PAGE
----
By Derek Slater
Confronting the tidal wave known as digitization, some CEOs call for a lifeboat in the form of a Chief Digital Officer (CDO).
The CDO helps a company respond quickly and strategically, to the rapidly evolving digital landscape.
There are several qualities that every CDO needs. To start, they need an innovative mind and great skill at communication. Those are obvious.
“It’s really about [developing] a set of capabilities—around customer engagement, digital marketing, using algorithms to adjust the way the company works—not about a title,” says Martha Heller, President of executive search firm Heller Search Associates.
1. The ability to assess the organization’s capacity for change:Ever had an employee who spins out new ideas morning, noon and night?
CDOs should be both idea creators and change accelerators. Heller notes that organizations don’t go into overdrive overnight. CDOs should determine the rate at which their companies can absorb change.
“Digital business is not necessarily a set of technologies; it’s a change in perspective and mindset,” says Heller.
“In the old industrial thinking, we bring lots of teams and people together and all work together to get things done. In digital we’re using algorithms and code to get things done. That’s an entirely different way to think,” she says.
Changing minds takes time.
To be effective, the CDO with a thousand new ideas needs to understand how much change each idea requires. Then he needs to create systems and training that help make each change successful. “Who’s training the sales force about what it means for them? Who’s talking to the product managers?” Heller asks.
A strategic plan for digital transformation certainly can roll out at a pace that stretches the organization, and some upheaval is inevitable.
But overwhelming employees and breaking processes with too much simultaneous change isn’t digital transformation; it’s just chaos.
2. An understanding of technology architectures: Heller recounts a tech industry CIO’s view of how CDOs often operate.
“The CDO usually has a marketing background, or maybe a strategy background, so they come in with a great idea about customer engagement, all these cool ways of doing things,” says Heller.
“But because they have no experience tying that pretty front end to the back-end systems, they leave an architectural technology quagmire in their wake,” she continues.
Quagmires are expensive to clean up.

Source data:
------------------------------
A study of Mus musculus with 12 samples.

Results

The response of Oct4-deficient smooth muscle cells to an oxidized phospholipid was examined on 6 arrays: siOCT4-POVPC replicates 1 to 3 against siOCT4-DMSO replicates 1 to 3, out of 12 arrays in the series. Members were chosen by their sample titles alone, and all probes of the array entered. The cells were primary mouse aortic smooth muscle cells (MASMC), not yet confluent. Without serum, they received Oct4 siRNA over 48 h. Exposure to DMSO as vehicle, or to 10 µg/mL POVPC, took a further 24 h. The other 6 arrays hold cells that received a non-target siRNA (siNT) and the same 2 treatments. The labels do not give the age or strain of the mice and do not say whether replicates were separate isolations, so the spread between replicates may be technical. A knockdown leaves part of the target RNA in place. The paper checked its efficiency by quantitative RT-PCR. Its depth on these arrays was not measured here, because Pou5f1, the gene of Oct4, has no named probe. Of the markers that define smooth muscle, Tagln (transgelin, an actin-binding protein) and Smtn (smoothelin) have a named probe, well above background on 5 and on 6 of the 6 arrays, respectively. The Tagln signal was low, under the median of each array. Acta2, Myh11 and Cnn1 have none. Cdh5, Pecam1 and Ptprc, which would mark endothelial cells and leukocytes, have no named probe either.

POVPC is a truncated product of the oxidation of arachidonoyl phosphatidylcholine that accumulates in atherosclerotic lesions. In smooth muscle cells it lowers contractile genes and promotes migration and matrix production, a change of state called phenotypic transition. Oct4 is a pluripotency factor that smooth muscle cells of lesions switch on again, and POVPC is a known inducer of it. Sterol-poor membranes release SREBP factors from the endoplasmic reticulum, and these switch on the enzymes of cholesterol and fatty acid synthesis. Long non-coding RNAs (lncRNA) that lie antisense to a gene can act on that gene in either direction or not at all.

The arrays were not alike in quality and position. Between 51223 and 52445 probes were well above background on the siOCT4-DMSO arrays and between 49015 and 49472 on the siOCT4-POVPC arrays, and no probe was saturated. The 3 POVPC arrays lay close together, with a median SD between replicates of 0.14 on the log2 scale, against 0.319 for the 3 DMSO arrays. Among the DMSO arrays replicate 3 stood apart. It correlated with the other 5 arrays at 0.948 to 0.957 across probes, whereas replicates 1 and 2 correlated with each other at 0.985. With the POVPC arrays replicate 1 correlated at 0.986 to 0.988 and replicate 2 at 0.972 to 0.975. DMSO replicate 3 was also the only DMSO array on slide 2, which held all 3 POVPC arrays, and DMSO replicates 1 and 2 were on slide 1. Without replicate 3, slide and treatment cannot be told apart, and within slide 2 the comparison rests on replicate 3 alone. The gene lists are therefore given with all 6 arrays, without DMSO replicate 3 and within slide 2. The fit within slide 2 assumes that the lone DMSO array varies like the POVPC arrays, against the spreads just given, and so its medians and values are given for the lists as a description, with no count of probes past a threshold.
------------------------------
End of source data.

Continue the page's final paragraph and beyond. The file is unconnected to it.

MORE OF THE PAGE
Heller says instead, CEOs would benefit from finding a CDO with a strong architectural sensibility.
“They don’t have to have a tech background, but do have to have a firm understanding that every new tech they bring into the company brings interoperability issues, security issues,” she says.
That’s not to say that the CIO should always evolve into CDO, she says. “But they need an appreciation for the architectural foundation that they are shoving these new technologies into.”
3. Being creative in how things get done: It’s one thing to have creative ideas for products and services. But there’s another layer to creativity that Heller points out. A CDO needs to be willing and able to use partnerships to accomplish tasks and goals.
Partnerships inside the company are the obvious starting place. The CDO has to work with “marketing folks, the presidents of all the divisions, the chief product officer, innovation groups—to make sure that as [the organization] tries out all these digital ways to engage, there is there a comprehensive overarching strategy,” she says.
What may be overlooked is that this capability must extend to relationships outside the company walls, and to new formats for doing work.
Ideally, Heller says, “you want a CDO with really good venture capital connections, to know what the new next thing is coming out of Silicon Valley or wherever.
“A willingness to work with fledgling companies is valuable, and an appreciation for concepts like agile development, minimum viable product, and iterative idea development” all help a CDO keep new initiatives on track, she says.
But there is one word of caution in choosing a CDO. That is that each industry is different. The focus of the CDO position at different companies will vary. Some companies need more help on the marketing side, others need a deep dive into big data. While other need help in the product space or are determining how and where to add new technologies to their current infrastructure. As CEO, know what you want your CDO to achieve and set him on the course for success.
For more on the CDO, check out our annotated CDO resume.